A unique exhibition displaying veteran photographer Van Tho's collection of 100 photos of the Giong Festival has opened at the Phu Dong Temple, in Gia Lam district on the outskirts of Hanoi.

The photos document the dances and worshipping ceremonies as well as the domestic and foreign officials that attend the festival and even the festival preparations.

All of the photos are in colour except for the artist's first image taken in 1970.

"I cannot count the number of photographs I've taken of the annual festival," Tho said since 1970, "I have selected the 100 best as my gift to celebrate the recognition of the festival as an intangible cultural heritage by UNESCO."

The artist was born in 1943 in Phu Dong Village himself. At the age of seven, he played a soldier in Saint Giong's 90-soldier team in the festival. He recalled falling into the pond in front of the temple and racing home to dry his clothes so that he could finish his role in the event.

"Taking part in the festival is a great honour," he said, "That's why the villagers have happily made contributions."

After the exhibition, Tho plans to build a house in which to store his works and memories of the festival.

"If the project is approved [by local authorities], I will select quintessential photos of the festival by many photographers for display," Tho said.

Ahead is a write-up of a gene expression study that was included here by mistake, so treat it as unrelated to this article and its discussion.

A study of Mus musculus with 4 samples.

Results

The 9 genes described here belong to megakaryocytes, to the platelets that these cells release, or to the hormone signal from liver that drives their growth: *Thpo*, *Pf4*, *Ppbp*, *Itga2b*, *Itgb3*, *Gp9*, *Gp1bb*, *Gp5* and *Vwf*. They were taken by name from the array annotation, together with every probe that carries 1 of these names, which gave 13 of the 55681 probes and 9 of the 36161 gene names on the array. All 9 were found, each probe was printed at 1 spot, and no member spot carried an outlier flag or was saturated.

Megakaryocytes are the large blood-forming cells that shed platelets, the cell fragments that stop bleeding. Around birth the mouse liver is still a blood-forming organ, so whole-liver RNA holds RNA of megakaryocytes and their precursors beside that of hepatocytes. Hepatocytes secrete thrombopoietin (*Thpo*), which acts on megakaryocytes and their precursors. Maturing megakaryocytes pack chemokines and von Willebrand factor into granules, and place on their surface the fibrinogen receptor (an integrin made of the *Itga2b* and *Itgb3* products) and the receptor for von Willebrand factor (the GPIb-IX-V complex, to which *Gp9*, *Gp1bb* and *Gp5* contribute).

"The exhibits may also include small models of objects used at the festival so that visitors to the temple can learn how the festival is organised, what it symbolises and what activities take place. They can also practise the traditional dances if they want."

A ceremony was held at the temple on Jan.22 by the Ministry of Culture, Sports and Tourism, the Hanoi Municipal People's Committee and the Vietnam National Commission for UNESCO to bestow the UNESCO Certification recognising the Saint Giong Festival as a world intangible heritage.

The festival was the third element of Hanoi's heritage recognised by UNESCO in last year, joining the 82 doctoral stone steles in the Temple of Literature and relics of the Thang Long Royal Citadel.

The festival is dedicated to Saint Giong, born in Phu Dong village in the reign of King Hung VI. According to legend, he was a man of great strength who fought the northern invaders. After his victory, he flew back to heaven on his iron horse over Soc Mountain, which locates in today's Soc Son district.

There are many festivals held in the northern region to honour Saint Giong. The most popular are the ones in Phu Dong Village in Gia Lam district and Soc village in Soc Son district.

The event in Phu Dong is annually held on the ninth day of the fourth lunar month and in Soc Son, on the sixth day of the first lunar month./.